Emily is busy working on a secret project, so I (Ben) get to do another blog. This last weekend I climbed 富士山 (Mt. Fuji). Last Friday night, my girlfriend and I left Shinjuku on a 7:50pm bus bound for the Kawaguchiko 5th Station. The bus trip took a little over 2 hours, getting us to the trailhead a little after 10:00pm.
We came rather prepared. Alisa (my girlfriend / hiking partner) spent a good part of the day running Fuji preparation errands. She made 14 おにぎり (onigiri) with her grandma, bought Soyjoys and Powerbars, and since we planned on hiking in the dark, she also bought two headlamps. We each were packing rain coats and heavier clothes (since it gets below freezing at the top). I carried our fluid supply of 4 liters of water and 2 liters of Aquarius (a popular Japanese sports drink). We checked our equipment, used the bathrooms (¥50), and started our ascent.
We got out our headlamps, and Alisa put hers on, but I was thinking to myself カッコ悪い, so I just tied mine to my backpack strap. The first half hour of our hike was below the treeline. We got to the 6th Station after not too long, but from then on, the hike was a seemingly endless succession of switchbacks. The trail grew steeper, the wind picked up, the air got colder, and the traffic became denser. On top of that, the toilet price went up: ¥100. I started out in a T-shirt and shorts. I made it to 8th Station before putting on a long-sleeve shirt. It really doesn’t feel that cold as long as you keep moving, but because we stopped for short breaks every once in a while, the cold started to get to me. So, we kept climbing, and we both were feeling the cold and the altitude.
Around the 9th Station we started to see the sky getting lighter. Worried that we wouldn’t make it to the top in time to see the sunrise, we weaved through the traffic as much as we could. I was amazed by how many people were climbing the mountain. From the 8th Station until the top, the trail was as packed as Tokyo’s rush hour trains. The pace was painstakingly slow–a twenty second wait between every two or three steps. What should have been a forty minute portion of the hike, took about three hours. Fortunately we made it to the top in time.
I wasn’t keeping great track of the hour, but I believe the sun rose around 4:30am (just a half hour after we made it to the top). The view was amazing! The clouds obscured the sun coming above the horizon, but the color effect looked really cool. I’m sure I damaged my retinas. Despite the view, I could still feel the cold, so I finally put on some jeans. We then huddled together in one of the 頂上 (mountain peak) huts and ate some おにぎり. We both felt a little too sick and a little too cold to stay at the peak any longer than we had to, so after using the higher priced ¥200 toilets we headed back down.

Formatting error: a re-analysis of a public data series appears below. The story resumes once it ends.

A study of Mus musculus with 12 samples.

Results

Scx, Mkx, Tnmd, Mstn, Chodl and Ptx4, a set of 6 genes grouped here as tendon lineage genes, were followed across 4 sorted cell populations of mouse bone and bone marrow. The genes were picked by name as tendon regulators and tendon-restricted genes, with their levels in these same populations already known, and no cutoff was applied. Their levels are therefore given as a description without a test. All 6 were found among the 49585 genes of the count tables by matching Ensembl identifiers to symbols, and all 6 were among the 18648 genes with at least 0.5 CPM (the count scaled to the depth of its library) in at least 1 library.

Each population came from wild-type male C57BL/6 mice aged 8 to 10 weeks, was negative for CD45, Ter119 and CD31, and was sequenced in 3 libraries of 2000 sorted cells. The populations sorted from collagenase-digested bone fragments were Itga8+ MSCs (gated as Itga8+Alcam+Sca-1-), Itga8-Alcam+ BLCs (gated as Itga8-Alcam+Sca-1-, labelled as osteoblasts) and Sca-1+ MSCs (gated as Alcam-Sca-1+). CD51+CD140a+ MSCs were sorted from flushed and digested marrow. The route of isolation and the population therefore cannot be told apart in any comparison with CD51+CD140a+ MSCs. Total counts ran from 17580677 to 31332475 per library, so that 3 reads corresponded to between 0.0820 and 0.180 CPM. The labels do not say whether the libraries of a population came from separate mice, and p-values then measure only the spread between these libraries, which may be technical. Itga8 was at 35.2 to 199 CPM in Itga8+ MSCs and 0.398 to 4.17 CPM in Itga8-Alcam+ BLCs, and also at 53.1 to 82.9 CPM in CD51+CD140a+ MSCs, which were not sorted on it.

We began hiking down the Subashiri trail and within minutes we were much warmer and less queazy. As we got lower, we came to this one point where the clouds were really thick, and they came close enough to the mountain to be felt from the trail. Aside from the sunrise view, the walk in the clouds was the second best part of the trip. Past the 8th Station on down, most of the descending trail was a combination of ash and dirt. Some people run down, some people take it slower, and some people get their shoes full of pebbles, ash, and dirt. Alisa was the second type, while I was the poor loser to be wearing low-top Walmart velcro shoes–shoes that seemed to enjoy having more of the trail inside them than underneath them. Sigh. After an hour bus ride to Gotenba station, we took the “Romance Car” (an express train) back to Shinjuku. Having both pulled all-nighters, we went our separate ways and promptly fell asleep at around 1:00pm.
Will I hike Fuji again? Probably, but next time I think I’ll hike the lower half (longer hiking season, fewer people, lots of trees)–from the base to the 5th Station. If you want to climb Fuji, make sure to do your research, prepare properly, and stay safe! The season will be over within the next two months, so hurry!